In most senses, I’ve avoided the Quarter-Life Crisis. As I approached 25 I was concerned, as I was about to be laid off, had not yet applied to grad school, and was dating (mostly unsuccessfully) just about everything that moved. Stability seemed far off. But just over halfway to my 26th birthday, everything is different. I have a career and long-term plan that excite me, a bunch of fun hobbies (including knitting; it doesn’t seem to get much more stable than knitting) and I’m looking forward to fantastic summer full of new and exciting experiences with a great guy. But I’m having a Quarter-Life Crisis I didn’t expect: it’s about friendship.
I’ve always been more comfortable one-on-one and with small groups than a whole bunch of people. I’m also not the best at keeping in touch. So when I left Philadelphia to settle in DC for college and beyond, I let most of my high school friendships lapse. I made a bunch of friends in college; they’re wonderful people, and I’ve been happy with them.
Since I’ve stayed in DC, I expected my friendships to remain relatively stable. But many friends have moved across the country. Some stay here but drift away. Others move on to stable long-term relationships and the domesticity that accompanies them. While I can’t imagine life without my closest, I need to refresh my social circle. When I realized this, I attended happy hours, met fellow bloggers and tweeps, and tried to be as social as possible. I thought of it like dating, and I’ve had enough practice to be pretty good at dating.
It turns out making friends is not the same as dating. Most obviously, you don’t flirt with potential friends. But the biggest difference is how much more rejection hurts. In my years of dating around I learned the lesson that not being someone’s The One doesn’t make me less than awesome. I’ve rejected great guys because they just weren’t quite right for me. I’ve also been on dates I couldn’t wait to get away from that were followed up by a note from the guy saying, “I had a great time! Let’s do it again,” so I know how much two people’s perception of the same date can differ. I’ve managed to stay pretty un-bitter through the long slog that is the single life in DC.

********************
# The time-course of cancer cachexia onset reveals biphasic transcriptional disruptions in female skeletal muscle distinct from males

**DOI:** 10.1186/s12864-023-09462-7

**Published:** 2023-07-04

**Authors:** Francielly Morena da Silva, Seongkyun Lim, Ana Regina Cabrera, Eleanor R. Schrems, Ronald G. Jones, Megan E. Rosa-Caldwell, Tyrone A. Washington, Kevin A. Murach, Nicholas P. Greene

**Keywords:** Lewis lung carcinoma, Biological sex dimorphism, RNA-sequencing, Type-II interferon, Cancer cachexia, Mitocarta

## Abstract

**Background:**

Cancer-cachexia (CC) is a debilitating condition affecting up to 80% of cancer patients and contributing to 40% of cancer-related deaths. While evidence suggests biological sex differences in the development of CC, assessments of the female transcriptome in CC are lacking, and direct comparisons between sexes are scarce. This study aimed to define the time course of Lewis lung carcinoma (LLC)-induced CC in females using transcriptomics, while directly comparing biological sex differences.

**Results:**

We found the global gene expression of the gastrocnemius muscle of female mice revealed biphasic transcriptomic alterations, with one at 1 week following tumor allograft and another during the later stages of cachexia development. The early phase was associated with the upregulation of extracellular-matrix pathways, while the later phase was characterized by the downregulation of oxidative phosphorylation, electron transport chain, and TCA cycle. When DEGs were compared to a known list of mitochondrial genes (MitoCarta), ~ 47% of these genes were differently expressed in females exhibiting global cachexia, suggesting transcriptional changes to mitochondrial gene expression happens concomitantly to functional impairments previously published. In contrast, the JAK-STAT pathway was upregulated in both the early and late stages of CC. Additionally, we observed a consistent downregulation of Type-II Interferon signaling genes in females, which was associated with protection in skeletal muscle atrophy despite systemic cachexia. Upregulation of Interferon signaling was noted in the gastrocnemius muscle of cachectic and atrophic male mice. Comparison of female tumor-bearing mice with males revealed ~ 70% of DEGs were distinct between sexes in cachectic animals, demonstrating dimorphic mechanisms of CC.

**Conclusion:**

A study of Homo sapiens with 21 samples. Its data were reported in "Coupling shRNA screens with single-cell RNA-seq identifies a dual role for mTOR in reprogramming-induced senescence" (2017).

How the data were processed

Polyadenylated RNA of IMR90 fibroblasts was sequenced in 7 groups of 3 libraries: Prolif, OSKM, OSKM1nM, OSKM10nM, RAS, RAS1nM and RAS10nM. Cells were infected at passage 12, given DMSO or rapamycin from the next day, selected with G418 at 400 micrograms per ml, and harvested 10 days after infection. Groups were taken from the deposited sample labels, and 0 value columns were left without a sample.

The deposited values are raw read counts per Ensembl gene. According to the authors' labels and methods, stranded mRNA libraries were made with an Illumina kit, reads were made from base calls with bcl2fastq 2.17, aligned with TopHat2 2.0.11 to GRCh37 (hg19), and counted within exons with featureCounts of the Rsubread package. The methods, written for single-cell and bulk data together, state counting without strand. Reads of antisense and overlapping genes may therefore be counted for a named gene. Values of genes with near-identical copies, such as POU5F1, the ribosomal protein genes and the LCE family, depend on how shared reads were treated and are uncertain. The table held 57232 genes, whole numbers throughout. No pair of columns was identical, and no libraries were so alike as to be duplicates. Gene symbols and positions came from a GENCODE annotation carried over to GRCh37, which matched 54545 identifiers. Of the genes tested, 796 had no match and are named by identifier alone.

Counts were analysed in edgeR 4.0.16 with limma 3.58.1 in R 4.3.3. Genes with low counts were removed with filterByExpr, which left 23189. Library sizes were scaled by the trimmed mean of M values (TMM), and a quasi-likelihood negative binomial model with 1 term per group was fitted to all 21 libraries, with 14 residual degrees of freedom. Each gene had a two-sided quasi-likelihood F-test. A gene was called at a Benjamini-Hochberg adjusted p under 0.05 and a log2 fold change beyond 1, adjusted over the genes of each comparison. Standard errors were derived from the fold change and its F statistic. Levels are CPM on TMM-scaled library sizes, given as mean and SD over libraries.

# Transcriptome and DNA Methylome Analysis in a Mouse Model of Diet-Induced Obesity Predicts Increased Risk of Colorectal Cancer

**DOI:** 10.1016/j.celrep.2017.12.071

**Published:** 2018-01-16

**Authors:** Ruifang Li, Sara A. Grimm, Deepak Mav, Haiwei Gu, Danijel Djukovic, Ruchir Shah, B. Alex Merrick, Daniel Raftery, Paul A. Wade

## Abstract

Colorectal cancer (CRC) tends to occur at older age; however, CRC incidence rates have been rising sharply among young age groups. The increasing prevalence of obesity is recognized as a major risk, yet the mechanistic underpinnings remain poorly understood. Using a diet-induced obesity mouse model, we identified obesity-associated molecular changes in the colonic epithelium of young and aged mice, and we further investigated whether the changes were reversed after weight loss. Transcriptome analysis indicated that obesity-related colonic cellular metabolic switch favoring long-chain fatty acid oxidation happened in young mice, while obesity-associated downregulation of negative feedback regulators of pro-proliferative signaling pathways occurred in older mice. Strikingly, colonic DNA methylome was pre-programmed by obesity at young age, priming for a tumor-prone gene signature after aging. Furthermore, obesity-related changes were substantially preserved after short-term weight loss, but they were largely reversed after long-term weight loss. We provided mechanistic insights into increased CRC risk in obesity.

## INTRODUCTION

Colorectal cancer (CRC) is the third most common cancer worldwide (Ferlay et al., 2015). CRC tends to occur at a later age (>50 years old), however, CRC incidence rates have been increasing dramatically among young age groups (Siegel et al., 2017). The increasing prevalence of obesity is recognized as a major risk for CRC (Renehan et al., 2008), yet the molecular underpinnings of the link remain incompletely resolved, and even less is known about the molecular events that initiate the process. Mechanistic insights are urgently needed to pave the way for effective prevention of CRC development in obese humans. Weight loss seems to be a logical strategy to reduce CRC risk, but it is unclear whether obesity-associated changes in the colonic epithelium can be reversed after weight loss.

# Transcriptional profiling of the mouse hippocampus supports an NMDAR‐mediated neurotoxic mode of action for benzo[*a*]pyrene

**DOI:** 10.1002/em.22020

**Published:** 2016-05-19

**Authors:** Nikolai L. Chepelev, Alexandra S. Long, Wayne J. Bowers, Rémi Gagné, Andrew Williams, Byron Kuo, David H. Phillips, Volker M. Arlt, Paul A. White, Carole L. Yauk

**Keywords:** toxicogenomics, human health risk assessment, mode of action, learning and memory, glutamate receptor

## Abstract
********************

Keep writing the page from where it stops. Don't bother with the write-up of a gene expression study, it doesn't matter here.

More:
Making friends is so much harder. You meet someone, you like them, you think they liked you…and they turn down your invitations and don’t include you in the next happy hour. Girls have come so much closer to breaking me over the years than guys ever have. I think the rejection stings more because the stakes are lower: you only have one soul mate (in the eternal words of Ted Mosby, “It’s like not winning the lottery!”), but it doesn’t cost anything to add someone else to your group.
But I’ve met great people through social networking, and made a few good friends over the last few months, all organically. I know it’s extra important to hold onto my self-confidence, and just be patient. I’ll keep meeting great people, and some of them will get me and like me too. A theme I’ve noticed in this Quarter-Life Crisis series is that resolving the crisis seems to depend on being comfortable with one’s self. So I’m going to relax, keep putting myself out there, and let friendship happen on its own.
Kate is a 25 year old research analyst who will be starting her master’s in Geography in the fall. She loves dance, yoga, trashy fantasy novels, basking in the sunshine on the Alexandria waterfront, knitting, and food. Follower her on Twitter: @kateschindler
If you are interested in contributing to the Quarterlife Crisis series feel free to contact me.